For the better part of the last few weeks, TV fans have been waiting with bated breath for The Young Pope, taking to Twitter to debate what HBO’s latest prestige drama might have to say about the current state of the Catholic Church, or religion’s place in the modern world.
OK, not really. We’ve mostly just been cracking snarky jokes and making up song lyrics off the goofy title. “Forever Young Pope,” that sort of thing.
Never forget Obama's reaction to the Young Pope. pic.twitter.com/1yDQcAG39w
— Alanna Bennett (@AlannaBennett) January 11, 2017
oh i just found out the young pope is a real show, i thought all of you were making it up
— BAKOON (@BAKKOOONN) January 5, 2017
But then the show finally delivered its two-night premiere and, well, goddamn. We were not prepared for it to be this good.
It’s easy to see why the show became an instant meme before anyone on this side of the Atlantic had seen so much as a single episode (an Italian co-production, The Young Pope is already a massive hit in Europe). “What if the Pope… were young?” simply became the new “What if Seinfeld were still on TV?” In either case, someone was definitely getting an iPhone.
But anyone expecting to see Jude Law’s titular young pope introduced skateboarding through St. Peter’s Basilica must’ve been pretty shocked to see him instead crawl out of a pile of hopefully-just-sleeping babies in a bizarre, batshit dream sequence involving glowing water coolers, fainting cardinals and a homily about the benefits of masturbation. And that opening scene was just a sign of things to come — over the course of a mere two episodes, we’ve already got a kangaroo roaming the Vatican grounds, Diane Keaton’s Sister Mary and her impressive t-shirt game, nuns playing soccer, the pontiff comparing himself to Daft Punk and throwing a tantrum over Cherry Coke Zero. Apparently, there’s even a papal fashion montage set to LMFAO’s “Sexy and I Know It” coming up, which is pretty much the GOAT spoiler alert imaginable.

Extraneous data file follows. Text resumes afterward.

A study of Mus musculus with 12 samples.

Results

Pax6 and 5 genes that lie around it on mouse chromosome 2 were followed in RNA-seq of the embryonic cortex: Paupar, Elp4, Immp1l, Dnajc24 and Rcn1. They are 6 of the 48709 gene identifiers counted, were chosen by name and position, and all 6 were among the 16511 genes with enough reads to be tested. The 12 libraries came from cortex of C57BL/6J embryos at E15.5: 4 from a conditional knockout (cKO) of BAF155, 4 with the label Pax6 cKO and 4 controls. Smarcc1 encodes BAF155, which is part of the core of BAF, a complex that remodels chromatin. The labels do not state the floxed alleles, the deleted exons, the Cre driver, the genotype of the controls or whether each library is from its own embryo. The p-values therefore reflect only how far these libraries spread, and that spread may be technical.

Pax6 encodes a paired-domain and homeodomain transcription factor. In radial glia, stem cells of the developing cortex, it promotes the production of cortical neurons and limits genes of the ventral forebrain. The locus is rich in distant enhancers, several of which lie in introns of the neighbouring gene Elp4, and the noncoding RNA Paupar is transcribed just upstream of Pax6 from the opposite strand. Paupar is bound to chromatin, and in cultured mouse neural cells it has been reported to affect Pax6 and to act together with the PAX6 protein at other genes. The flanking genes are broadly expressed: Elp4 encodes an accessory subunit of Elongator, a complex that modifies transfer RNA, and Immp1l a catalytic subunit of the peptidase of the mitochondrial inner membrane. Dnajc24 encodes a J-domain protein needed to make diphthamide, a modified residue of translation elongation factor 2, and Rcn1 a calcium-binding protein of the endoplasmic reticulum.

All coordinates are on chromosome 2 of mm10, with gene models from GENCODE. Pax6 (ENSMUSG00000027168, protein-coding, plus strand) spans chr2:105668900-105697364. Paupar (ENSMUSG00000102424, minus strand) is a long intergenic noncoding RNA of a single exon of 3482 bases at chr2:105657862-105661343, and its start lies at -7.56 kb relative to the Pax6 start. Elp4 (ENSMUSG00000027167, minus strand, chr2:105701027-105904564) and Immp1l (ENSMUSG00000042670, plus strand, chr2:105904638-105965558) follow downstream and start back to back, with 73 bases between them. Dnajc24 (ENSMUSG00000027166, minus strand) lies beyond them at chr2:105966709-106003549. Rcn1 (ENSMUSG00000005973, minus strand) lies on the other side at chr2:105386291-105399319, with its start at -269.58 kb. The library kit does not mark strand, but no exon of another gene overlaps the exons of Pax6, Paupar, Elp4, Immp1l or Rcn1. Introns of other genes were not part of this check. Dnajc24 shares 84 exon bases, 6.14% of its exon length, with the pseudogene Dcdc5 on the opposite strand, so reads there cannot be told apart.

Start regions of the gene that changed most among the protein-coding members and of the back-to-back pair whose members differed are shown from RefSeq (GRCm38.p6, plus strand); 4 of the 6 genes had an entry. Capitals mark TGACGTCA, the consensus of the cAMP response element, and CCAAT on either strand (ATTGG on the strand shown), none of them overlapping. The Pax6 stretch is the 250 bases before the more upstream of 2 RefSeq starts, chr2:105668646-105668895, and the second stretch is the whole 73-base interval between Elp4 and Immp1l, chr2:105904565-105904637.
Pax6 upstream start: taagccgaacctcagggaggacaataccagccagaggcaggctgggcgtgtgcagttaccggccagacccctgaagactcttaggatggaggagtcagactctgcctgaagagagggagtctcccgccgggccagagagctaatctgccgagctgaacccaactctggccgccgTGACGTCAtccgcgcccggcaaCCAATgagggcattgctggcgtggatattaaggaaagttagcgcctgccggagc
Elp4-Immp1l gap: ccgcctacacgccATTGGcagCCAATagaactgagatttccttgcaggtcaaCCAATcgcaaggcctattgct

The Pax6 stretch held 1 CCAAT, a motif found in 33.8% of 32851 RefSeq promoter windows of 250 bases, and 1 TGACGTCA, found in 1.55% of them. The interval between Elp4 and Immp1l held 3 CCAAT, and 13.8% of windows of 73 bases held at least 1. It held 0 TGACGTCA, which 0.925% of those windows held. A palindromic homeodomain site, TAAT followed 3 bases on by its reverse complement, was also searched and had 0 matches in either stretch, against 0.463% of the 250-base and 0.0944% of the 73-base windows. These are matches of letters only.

In other words, The Young Pope is funny, and it knows it. Anyone who’s seen creator/writer/director Paolo Sorrentino’s Oscar-winning The Great Beauty knows the Italian filmmaker has a healthy taste for absurdity, which, like most Italian filmmakers, usually involves taking the piss out of the pomp and circumstance of the Church. But if The Young Pope were simply 10 episodes’ worth of gags about Law’s brash American pope smoking more than the Sistine Chapel chimney and accidentally coming face-to-face with tour groups, it wouldn’t be much to write home about.
What sets Sorrentino’s show apart so far is how genuinely cinematic it is — and not just in the buzzword-y way every showrunner and/or actor these days professes to be making “a 10-hour movie,” a claim that gets less meaningful with every subsequent soundbite. In the case of The Young Pope though, each frame is lit and composed in a way that makes it worthy of pouring over. And not just so you can catch stray “clues” you might’ve missed so you can puzzle out the plot before anyone else on Reddit. (Ahem, Westworld.)
And, of course, like 99.9% of modern TV dramas, The Young Pope is ultimately a show about powerful men behaving badly. Vindictive, unpredictable, borderline sociopathic. Lots of adjectives seem to fit Law’s Pope Pius XIII; young is by far the least interesting among them. And these first two episodes firmly establish the pontiff formerly known as Lenny Belardo as the next in a proud line of HBO anti-heroes, with a lineage you can trace all the way back to Tony Soprano. (He may not throw a kid out a window, but he does make an elderly nun cry.) The neophyte pontiff is literally holding the assembled cardinals hostage as he delays giving his first homily in the two-part premiere. And when finally delivered, his inaugural speech is far from a progressive proclamation of God’s love. Instead, it’s bombastic and confrontational, filled with menace and Old Testament wrath. Call it Breaking Bad Pope.
The absurdist sense of humour, the artful cinematography, the compelling anti-hero, it all makes for the holy trinity of prestige TV. And once the initial joke of the title wears off, ultimately, that’s what’s going to give viewers a reason to tune back in. The memes were fun and all, but turns out, the real thing is so much better than we could’ve expected.